Texas Should Pay Attention to Tennessee’s Education Results

The Tennessee Department of Education recently released its state assessment results and they’re worth paying attention to for Texas policymakers.  

Across the state, various groups have been calling for a suspension of the STAAR exam. The most frequent justification for the suspension, and the resulting halt in the state’s academic accountability system (known as the A through F Ratings System), is the pandemic.  

Because of the pandemic, some groups argue that Texas should relax its emphasis on accountability and measurement to allow schools and students to recover from the Covid crisis. This is, in part, due to concerns that Texas students will perform much worse on STAAR than last year. 

The data from Tennessee calls this strongly into question. Here’s a look at what the Tennessee Department of Education results found: 

  • English Language Arts: 
    • A 6-point gain in elementary school proficiency, the highest proficiency TN has seen in the last five years.
    • A 6-point gain in middle school proficiency from 2021, matching their pre-pandemic achievement.
    • A 7-point gain in high school proficiency, the highest proficiency TN has seen in the last five years.
  • Math: 
    • A 4-point gain in Elementary School proficiency, which reflects a 33% gap closure from the pandemic.  
    •  A 6-point gain in Middle School proficiency from 2021, which reflects a more than 50% gap closure from the pandemic.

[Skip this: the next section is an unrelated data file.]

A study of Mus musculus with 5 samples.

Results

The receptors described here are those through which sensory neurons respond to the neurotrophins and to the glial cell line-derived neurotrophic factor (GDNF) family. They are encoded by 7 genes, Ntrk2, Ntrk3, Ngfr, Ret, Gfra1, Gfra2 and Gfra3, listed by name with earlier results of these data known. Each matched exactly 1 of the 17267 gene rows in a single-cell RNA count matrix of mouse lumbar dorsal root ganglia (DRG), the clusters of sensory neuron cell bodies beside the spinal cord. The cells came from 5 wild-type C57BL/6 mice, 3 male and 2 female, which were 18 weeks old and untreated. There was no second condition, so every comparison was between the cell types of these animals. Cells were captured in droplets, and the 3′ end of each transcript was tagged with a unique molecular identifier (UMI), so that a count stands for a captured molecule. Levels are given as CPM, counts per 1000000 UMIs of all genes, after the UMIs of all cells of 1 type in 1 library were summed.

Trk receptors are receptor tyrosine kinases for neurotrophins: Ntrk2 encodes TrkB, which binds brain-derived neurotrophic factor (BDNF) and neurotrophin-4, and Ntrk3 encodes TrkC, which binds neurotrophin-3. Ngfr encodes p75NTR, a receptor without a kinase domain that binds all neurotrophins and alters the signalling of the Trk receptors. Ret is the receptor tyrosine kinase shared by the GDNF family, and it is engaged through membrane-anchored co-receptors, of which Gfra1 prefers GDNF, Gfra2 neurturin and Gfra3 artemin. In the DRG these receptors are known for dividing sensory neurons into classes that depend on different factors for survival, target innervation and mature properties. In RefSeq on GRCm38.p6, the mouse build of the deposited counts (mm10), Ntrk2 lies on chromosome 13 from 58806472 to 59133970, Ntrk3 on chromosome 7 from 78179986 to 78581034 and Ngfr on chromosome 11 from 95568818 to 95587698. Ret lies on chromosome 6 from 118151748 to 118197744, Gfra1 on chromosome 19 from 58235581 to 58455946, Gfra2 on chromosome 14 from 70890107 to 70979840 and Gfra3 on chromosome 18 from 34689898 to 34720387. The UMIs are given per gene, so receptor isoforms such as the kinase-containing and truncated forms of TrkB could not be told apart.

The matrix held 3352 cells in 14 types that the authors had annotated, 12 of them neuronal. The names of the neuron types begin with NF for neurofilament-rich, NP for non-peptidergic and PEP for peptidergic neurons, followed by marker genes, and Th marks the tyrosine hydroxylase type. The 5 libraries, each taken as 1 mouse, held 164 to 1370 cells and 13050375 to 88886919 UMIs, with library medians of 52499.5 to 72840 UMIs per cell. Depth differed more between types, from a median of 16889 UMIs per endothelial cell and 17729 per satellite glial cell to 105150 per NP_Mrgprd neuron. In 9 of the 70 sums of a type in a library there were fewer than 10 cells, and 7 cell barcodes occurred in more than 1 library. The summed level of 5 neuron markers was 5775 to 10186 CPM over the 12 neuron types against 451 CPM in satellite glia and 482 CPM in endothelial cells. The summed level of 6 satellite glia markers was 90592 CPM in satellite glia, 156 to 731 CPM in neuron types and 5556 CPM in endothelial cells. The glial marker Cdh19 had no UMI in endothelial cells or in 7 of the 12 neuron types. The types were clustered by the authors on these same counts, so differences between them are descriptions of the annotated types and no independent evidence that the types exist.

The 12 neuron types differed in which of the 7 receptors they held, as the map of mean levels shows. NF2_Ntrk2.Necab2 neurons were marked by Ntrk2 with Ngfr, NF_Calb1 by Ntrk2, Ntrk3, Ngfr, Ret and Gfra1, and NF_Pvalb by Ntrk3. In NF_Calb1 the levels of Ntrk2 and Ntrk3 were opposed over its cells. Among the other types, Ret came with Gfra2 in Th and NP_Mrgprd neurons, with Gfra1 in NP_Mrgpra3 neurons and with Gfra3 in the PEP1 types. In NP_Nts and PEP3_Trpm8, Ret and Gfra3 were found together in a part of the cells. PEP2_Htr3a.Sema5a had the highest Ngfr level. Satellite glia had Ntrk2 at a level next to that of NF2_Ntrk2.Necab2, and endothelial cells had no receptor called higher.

• A 4-point gain in High School proficiency, which reflects a 50% gap closure from the pandemic.
  • Science: 
    • A 2% increase in score. 
    • All grade levels had more students Exceeding Expectations.  
  • Social Studies: 
    • Fewer students were in the lower performance bands (Below and Approaching), while more students were in the higher performance bands (Met and Exceeded Expectations).

These gains in Tennessee are most important because they’re very, very good news for students, educators, and superintendents in the state. They’ve committed themselves to recovering from the pandemic, and they’ve managed to be successful at doing so.  

These gains in Tennessee are also important because they can inform the decisions about COVID learning loss and assessments that legislators may make in the coming session.

The data from Tennessee makes clear that educational recovery and measurement are not mutually exclusive. Indeed, they’re symbiotic. Without measurement, how would we know when student performance improves and understand why in one classroom but not another? How would we know which districts succeed at virtual education and why? How would we know which districts struggled both before and after the pandemic and require additional support?  

Standardized assessment results show how a valid, transparent and comparable statewide public education tool can help policymakers adequately resource the needs of schools as they recover from the pandemic or herald the successes of those who are doing it well.

In Tennessee, they remained committed to a strong system of assessments. They kept measuring and now they have good news to share. If Texas doesn’t measure, we will never know if it’s good news or bad news for Texas kids.